PERFORMANCE CAR OF THE YEAR : NISSAN GT-R
LAP TIME: 01:05.1
TOTAL SCORE: 62
Godzilla has been a long-time coming in the Indian market. And, of course, its legend well precedes it.
Nissan took the plunge and finally introduced the GT-R in the Indian market over the past year, and in that time this very machine has been the protagonist of two of our cover stories. For our April 2017 issue, we took the GT-R, Mercedes-AMG SLC 43, Audi RS7 Performance and Porsche Macan R4 on a 600-kilometre road-trip from the capital to hills and back in a single day. The objective was to demonstrate that these machines needn’t be garage queens – that they can indeed be road-trip warriors!
The second test took place at this very circuit a few months ago, at which point the GT-R took on the BMW M4 and the Audi RS7 Performance. The M4 because it’s one of the most fun cars that we’ve driven at the BIC, and the RS7 – well – because it has just short of 600-horsepower! Suffice to say, the GT-R was in a league of one. The sheer speed and face-distorting levels of grip are what make this machine special. And there’s no doubt about the fact that the technology and wizardry hidden in the bowels of this machine are what give it supercar levels of performance, but it fools you into believing that it’s you – a squishy bag of limbs behind the steering wheel – who’s actually the crucial piece of the puzzle in this collective quest for speed. And that’s the real beauty of this machine – despite all the tech, it still feels analogue. It still feels like a proper driver’s car. It also feels like the last of the proper, old school sport and supercars.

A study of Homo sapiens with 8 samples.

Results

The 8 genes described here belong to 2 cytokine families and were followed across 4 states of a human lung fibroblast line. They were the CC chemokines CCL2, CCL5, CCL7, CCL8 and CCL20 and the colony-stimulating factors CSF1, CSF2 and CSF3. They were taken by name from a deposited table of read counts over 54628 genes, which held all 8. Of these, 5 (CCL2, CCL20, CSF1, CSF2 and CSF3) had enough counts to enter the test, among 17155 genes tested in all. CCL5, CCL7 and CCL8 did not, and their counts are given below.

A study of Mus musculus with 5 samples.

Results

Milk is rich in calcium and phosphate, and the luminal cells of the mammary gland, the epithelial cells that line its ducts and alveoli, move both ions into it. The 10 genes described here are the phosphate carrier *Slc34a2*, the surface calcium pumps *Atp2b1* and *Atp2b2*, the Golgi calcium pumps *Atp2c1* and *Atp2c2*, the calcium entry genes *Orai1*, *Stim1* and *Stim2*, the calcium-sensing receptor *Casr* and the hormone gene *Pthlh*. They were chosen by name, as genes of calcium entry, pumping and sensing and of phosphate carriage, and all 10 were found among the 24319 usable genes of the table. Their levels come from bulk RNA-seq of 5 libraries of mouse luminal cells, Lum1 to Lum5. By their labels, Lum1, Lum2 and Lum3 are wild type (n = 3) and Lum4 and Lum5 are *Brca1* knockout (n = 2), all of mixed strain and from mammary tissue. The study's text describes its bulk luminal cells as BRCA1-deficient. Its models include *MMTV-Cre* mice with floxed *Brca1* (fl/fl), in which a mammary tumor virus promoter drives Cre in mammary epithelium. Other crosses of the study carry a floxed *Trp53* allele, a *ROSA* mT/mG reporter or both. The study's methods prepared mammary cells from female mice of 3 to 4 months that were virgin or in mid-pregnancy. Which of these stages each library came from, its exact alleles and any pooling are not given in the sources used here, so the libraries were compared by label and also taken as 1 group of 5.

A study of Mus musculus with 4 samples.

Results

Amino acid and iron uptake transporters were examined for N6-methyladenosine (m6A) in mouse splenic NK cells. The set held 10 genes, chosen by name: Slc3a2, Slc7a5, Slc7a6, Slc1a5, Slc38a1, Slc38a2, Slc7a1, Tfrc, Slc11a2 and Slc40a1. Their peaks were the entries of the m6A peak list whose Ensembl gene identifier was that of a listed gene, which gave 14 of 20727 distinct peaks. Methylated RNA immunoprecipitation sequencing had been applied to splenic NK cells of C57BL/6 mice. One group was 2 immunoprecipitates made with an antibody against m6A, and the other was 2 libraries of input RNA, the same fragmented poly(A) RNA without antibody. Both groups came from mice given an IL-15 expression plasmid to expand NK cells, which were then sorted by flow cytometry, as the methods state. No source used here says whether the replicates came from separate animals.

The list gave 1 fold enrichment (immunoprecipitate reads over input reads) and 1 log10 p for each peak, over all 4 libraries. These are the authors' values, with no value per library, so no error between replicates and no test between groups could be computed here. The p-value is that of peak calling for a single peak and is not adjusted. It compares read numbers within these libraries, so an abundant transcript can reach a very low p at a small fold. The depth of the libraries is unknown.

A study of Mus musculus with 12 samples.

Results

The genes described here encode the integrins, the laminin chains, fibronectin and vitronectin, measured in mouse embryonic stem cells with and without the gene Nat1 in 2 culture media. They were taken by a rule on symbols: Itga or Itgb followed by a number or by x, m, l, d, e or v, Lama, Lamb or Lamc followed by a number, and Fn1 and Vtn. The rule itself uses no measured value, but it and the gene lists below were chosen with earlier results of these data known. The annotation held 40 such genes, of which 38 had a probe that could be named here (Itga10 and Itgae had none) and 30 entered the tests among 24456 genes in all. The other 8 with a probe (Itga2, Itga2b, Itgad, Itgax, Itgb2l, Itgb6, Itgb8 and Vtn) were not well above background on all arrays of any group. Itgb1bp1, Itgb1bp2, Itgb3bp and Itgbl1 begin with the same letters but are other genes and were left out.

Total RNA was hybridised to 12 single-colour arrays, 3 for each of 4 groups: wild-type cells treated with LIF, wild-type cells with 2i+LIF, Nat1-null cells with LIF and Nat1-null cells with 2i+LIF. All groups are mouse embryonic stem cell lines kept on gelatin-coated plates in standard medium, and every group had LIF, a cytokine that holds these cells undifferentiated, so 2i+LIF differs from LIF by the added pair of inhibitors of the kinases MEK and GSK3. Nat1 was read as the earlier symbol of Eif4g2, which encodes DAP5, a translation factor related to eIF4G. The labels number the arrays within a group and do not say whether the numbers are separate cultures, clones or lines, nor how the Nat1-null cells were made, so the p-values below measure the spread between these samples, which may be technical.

It wins the four-wheel performance spot in our ‘Best of 2017’ test because of a blistering lap time of 1:05.1 around the short loop of the BIC – our fastest time of the test, which earned it a full 15 points. It also gets a near perfect score in X-Factor because, well, it’s Godzilla! Of course, it loses out in terms of comfort and practicality. This is, after all, a very serious supercar so you need to be pretty hard-core to drive a GT-R. But, if we’re honest that just makes it even more special. The real trouble with the GT-R, unfortunately, is that – because of its two crore price tag – it’s out of reach for 99.9% of the Gran Turismo generation that revere it so.
All said and done though, if we had one last jerry can of fuel left we could only hope to empty it into the belly of this thirsty beast and take it out for one last joyous spin before we dive headfirst into a driverless future.